For a craftsman or grill master who regularly works with fire, finding an easy way to generate cost-effective fuel is key.
When Instructables user sixsmith noodled around with the idea of building himself a forge, he decided that before he set any construction plans in motion, he wanted to first prove to himself that he’d be able to cost-effectively fuel such a contraption.
He needed a fast, easy, and cheap way to keep his forge burning long enough to finish future projects. After searching all over for different solutions, he decided to try his hand at making his own charcoal.
This inventive maker built himself a fire, split a few red oak logs, and packed them tightly into a tinfoil-covered coffee can.
After properly ventilating the tinfoil can lid, he positioned the can over his fire. He then waited for steam and fire to rise from its seal, slowly transforming his wood into charcoal.
Amazingly, his project worked, proving that he would indeed be well-equipped to fuel his future forge.
Scroll through our gallery to learn all about how this DIY-er created his own supply of charcoal and how you can make charcoal for your own summer barbecues.
When Instructables user sixsmith needed a bunch of charcoal at a low cost, he decided to simply burn up his own supply.
He split a few logs of red oak, striving to create pieces with as much surface area as possible.
He fit his wooden pieces into a metal coffee can.
Then, this maker built himself a hearty fire.
This fire would be burning for quite some time, so this DIY-er made sure to keep a bucket of water close by in case of emergency.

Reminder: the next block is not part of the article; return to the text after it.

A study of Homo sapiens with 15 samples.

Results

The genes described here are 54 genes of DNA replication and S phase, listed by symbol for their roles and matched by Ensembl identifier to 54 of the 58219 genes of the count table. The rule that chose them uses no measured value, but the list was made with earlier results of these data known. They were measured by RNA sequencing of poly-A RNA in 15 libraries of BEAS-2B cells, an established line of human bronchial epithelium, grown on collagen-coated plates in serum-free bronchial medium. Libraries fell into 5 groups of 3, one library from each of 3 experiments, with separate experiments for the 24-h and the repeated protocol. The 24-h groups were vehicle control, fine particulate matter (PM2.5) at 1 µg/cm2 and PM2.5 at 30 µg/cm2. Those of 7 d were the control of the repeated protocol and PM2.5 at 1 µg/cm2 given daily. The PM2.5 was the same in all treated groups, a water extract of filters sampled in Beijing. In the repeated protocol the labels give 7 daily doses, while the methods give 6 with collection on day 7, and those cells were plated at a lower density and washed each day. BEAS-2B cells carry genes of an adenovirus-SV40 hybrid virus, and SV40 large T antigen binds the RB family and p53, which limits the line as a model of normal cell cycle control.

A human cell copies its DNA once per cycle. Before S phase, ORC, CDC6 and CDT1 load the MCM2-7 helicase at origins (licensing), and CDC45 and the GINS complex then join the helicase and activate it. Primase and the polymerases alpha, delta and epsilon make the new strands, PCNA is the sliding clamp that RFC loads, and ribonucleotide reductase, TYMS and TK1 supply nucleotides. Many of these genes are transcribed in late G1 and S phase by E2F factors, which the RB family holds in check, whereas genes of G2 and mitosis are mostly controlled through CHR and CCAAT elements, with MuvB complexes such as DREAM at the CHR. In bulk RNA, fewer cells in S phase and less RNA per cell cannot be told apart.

He also positioned a fan near the fire to keep it burning for its extended duration.
With the fire roaring, this maker covered his wood-filled coffee can with aluminum foil.
He made sure to slice a hole in its top, through which moisture and, eventually, wood gas would safely escape.
As time passed, the wood turning to charcoal inside the metal can began emitting its wood gas — a clear signal that the wood was carbonizing.
The gas lit aflame, and this Instructables user waited patiently for that new flame to die out.
Once the wood gas flame stopped burning, this DIY-er held fire near the tinfoil opening just to double check that the wood inside had given off all of its flammable wood gasses.
With the coast clear, he put the main fire out and shoveled a dirt seal atop his tinfoil-covered can.
This seal would ensure that no new air seeped in, causing the charcoal to burn.
Once this DIY-er’s canister cooled down, he lifted its foil cover to find his homemade charcoal!
He snapped each piece into a few smaller chunks, double checking that each was fully carbonized.
Next time, he’ll likely use a paint can rather than a coffee can so that he can make more charcoal per round.
This DIY-er figured out how to supply himself with homemade charcoal, great for fueling a forge or backyard grill.
What do you think of this homemade charcoal? Have you ever made your own charcoal? Tell us about your project in the comments below.